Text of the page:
The number of works on show is far from huge and the exhibition space may seem to be disproportionately spacious, and yet the Rijksmuseum has set the perfect stage for a highly anticipated, once-in-a-lifetime Johannes Vermeer exhibition—the largest ever “family reunion” of the Dutch master’s paintings.
Opening to the public this Friday, February 10, “Vermeer” at the Netherlands’s national museum of art and history presents a total of 28 out of the 37 known paintings by the artist, making the show the most complete survey of the Old Master staged in his home country.
It reunites many works that have been scattered around the world, including seven paintings that have not been back to the Netherlands in 200 years. They hang near other greatest hits that have remained in the Netherlands, including (c. 1658-59) and , both housed at Rijksmuseum, and three from the Mauritshuis in The Hague, an institution best known for being home to the enigmatic (1664-67).
Rijksmuseum’s general director Taco Dibbits said the new exhibition is the largest since the show that ran from 1995 to 1996 by the National Gallery of Art in Washington, which brought together 21 works. “It was quite an impossible dream to have a monographic exhibition of Vermeer. But it appeared not to be impossible when we heard that Frick Collection was about to renovate. We thought, this is a chance. It’s now or never,” Dibbits said during Tuesday’s press preview, which welcomed around 150 international journalists and critics.
“Vermeer,” an assembly from 14 museums and private collections from seven countries, includes an unprecedented loan of three works from the Frick Collection, which are being shown outside of New York for the first time: (c.1664-67), (c.1959-61), and (c. 1657-58).
(1655), said to be based on a similar picture from around 1640 to 1645 by the Florentine artist Felice Ficherelli, is loaned from the National Museum of Western Art, Tokyo.
The museum’s curatorial team, as well as conservators and scientists, embarked on an intensive research journey in collaboration with other prestigious institutions, applying the latest technologies in an attempt to resolve the mysteries behind Vermeer’s arresting images and storied paintings and decode his painting techniques. But one of the most difficult mysteries to solve was how to stage the show in Rijksmuseum’s huge halls. “How do you exhibit 28 paintings of which most are relatively small, and depict very intimate spaces?” Dibbits noted.
The solution was not to closely group them, but to offer as much space as possible for each painting. The museum worked with French architect and designer Jean-Michel Wilmotte to design all ten galleries of the museum’s Phillips Wing. The works are divided into 11 thematic sections tracing the artist’s roots, and searching for insights into his life and paintings. The exhibition space is so roomy that sometimes a large gallery features only one or two paintings. Galleries are decorated with classy floor-to-ceiling velvet curtains in different colors to separate the show’s themes.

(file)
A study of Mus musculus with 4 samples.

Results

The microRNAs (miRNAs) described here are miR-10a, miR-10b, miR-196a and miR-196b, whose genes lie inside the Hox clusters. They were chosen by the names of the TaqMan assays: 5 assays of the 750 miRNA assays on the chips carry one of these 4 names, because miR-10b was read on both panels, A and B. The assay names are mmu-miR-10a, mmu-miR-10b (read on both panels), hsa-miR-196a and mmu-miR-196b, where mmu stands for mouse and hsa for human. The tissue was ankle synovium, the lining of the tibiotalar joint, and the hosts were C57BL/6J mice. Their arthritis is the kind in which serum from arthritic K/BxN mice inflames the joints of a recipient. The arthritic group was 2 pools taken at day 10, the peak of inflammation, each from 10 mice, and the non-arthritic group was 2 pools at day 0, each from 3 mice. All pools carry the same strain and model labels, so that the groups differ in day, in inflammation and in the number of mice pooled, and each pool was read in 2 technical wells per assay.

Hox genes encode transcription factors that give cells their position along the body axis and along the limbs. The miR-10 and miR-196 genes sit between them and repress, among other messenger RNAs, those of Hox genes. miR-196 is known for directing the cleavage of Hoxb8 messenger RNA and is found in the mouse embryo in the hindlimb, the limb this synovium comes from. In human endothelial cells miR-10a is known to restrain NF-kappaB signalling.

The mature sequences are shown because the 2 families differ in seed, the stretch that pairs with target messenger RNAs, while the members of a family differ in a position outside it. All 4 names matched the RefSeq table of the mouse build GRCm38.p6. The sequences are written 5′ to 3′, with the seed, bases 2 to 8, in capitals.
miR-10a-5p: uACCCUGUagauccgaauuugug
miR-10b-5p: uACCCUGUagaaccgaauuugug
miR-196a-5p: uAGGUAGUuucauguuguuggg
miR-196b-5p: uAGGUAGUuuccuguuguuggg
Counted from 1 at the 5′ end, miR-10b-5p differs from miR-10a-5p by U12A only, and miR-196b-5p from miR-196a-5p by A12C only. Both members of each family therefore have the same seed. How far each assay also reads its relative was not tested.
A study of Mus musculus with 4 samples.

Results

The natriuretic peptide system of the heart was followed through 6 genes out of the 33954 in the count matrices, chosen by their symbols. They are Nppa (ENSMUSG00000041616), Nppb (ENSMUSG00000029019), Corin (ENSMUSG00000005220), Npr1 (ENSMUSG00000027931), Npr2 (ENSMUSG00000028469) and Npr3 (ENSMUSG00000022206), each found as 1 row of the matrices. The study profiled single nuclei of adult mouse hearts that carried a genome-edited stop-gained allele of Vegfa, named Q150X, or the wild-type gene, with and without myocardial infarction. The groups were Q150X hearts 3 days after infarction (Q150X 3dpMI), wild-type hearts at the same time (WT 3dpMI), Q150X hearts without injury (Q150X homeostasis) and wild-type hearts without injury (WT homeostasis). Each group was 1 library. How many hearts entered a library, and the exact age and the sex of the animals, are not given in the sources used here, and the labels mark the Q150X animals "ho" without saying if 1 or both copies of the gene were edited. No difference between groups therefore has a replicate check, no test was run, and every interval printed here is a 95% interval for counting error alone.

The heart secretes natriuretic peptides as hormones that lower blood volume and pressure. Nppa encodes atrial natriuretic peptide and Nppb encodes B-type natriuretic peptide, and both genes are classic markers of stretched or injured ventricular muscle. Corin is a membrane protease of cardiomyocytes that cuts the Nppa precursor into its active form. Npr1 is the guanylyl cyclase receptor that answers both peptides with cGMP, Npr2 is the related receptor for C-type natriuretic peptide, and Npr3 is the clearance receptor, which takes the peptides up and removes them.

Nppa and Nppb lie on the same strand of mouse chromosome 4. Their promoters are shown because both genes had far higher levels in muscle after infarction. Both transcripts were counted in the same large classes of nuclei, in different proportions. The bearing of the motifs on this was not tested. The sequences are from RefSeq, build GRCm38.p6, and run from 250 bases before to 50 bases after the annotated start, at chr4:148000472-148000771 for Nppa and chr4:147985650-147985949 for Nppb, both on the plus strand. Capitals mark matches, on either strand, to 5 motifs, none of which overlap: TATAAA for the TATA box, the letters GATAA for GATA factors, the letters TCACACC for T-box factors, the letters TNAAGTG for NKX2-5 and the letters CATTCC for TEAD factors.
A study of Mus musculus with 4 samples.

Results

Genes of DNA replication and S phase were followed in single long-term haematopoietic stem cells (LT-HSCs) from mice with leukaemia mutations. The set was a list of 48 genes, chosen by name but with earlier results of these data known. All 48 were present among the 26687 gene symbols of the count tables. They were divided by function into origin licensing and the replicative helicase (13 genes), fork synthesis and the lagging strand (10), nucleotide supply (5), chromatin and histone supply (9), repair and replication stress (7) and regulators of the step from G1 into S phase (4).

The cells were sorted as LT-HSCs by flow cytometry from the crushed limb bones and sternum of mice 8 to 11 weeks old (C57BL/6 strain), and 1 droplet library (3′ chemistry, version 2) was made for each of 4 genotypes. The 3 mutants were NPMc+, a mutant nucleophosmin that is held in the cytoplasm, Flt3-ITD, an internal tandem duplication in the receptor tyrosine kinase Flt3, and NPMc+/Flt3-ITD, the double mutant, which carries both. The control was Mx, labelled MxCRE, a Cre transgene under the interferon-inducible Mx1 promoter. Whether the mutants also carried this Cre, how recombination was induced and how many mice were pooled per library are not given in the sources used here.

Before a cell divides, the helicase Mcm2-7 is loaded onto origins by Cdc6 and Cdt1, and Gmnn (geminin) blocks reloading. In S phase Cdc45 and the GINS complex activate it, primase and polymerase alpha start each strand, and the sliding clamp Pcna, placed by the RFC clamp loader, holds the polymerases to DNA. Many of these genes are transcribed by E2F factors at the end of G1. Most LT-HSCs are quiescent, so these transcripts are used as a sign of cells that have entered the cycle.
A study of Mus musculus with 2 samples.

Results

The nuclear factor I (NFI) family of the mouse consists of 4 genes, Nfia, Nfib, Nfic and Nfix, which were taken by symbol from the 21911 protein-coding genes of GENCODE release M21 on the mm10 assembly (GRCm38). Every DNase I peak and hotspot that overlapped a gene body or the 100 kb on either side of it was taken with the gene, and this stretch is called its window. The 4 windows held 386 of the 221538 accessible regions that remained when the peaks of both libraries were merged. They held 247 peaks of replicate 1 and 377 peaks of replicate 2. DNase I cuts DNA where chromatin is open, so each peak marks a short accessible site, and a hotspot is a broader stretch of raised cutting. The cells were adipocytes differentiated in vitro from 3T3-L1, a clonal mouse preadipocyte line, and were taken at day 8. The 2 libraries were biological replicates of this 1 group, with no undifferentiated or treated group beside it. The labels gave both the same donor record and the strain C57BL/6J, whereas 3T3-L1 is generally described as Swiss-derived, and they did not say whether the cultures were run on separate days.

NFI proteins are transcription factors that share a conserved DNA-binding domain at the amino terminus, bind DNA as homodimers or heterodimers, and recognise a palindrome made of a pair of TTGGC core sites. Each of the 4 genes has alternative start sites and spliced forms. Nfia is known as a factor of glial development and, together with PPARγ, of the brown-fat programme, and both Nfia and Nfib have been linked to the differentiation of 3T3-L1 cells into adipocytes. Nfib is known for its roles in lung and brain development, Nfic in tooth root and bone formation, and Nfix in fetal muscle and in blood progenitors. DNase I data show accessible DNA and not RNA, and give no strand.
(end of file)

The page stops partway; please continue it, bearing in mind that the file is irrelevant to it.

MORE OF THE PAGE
But these small works are set to have a huge impact: more than 200,000 tickets have already been pre-sold as of Tuesday. “This has never happened before,” said Dibbits. Due to the size of the works, the director added that his team is limiting the amount of tickets sold to ensure that the public has a good viewing experience. The museum also declined to comment on any additional security measures in place given the ongoing attacks at European institutions by climate activists.
Rijksmuseum’s spokespeople did not disclose how many visitors they were expecting in total, nor did they disclose the limit of tickets to be sold or the maximum capacity the galleries could accommodate. The institution has extended its normal run-time for an exhibition to four months for the Dutch Golden Age star; it. will extend its opening hours to 10 p.m. on Thursdays, Fridays, and Saturdays throughout the exhibition period, until June 4.
In spite of the all-star lineup, there has been at least one dispute. On view is a contested work, (c. 1665-1675)—the National Gallery of Art in Washington, D.C. has said that the small painting may not be a genuine work by Vermeer. Nevertheless, it is attributed to Vermeer on the wall text, and hangs in the show side-by-side with another painting (c. 1664-67).
Such a once-in-a-lifetime exhibition is likely to make history globally, and is an especially poignant show for the Dutch public. “It’s like an unprecedented family reunion,” co-curator Pieter Roelofs.
Girl with a Red Hat and Girl with a Flute at “Vermeer,” Rijksmuseum. Photo Rijksmuseum/ Henk Wildschut.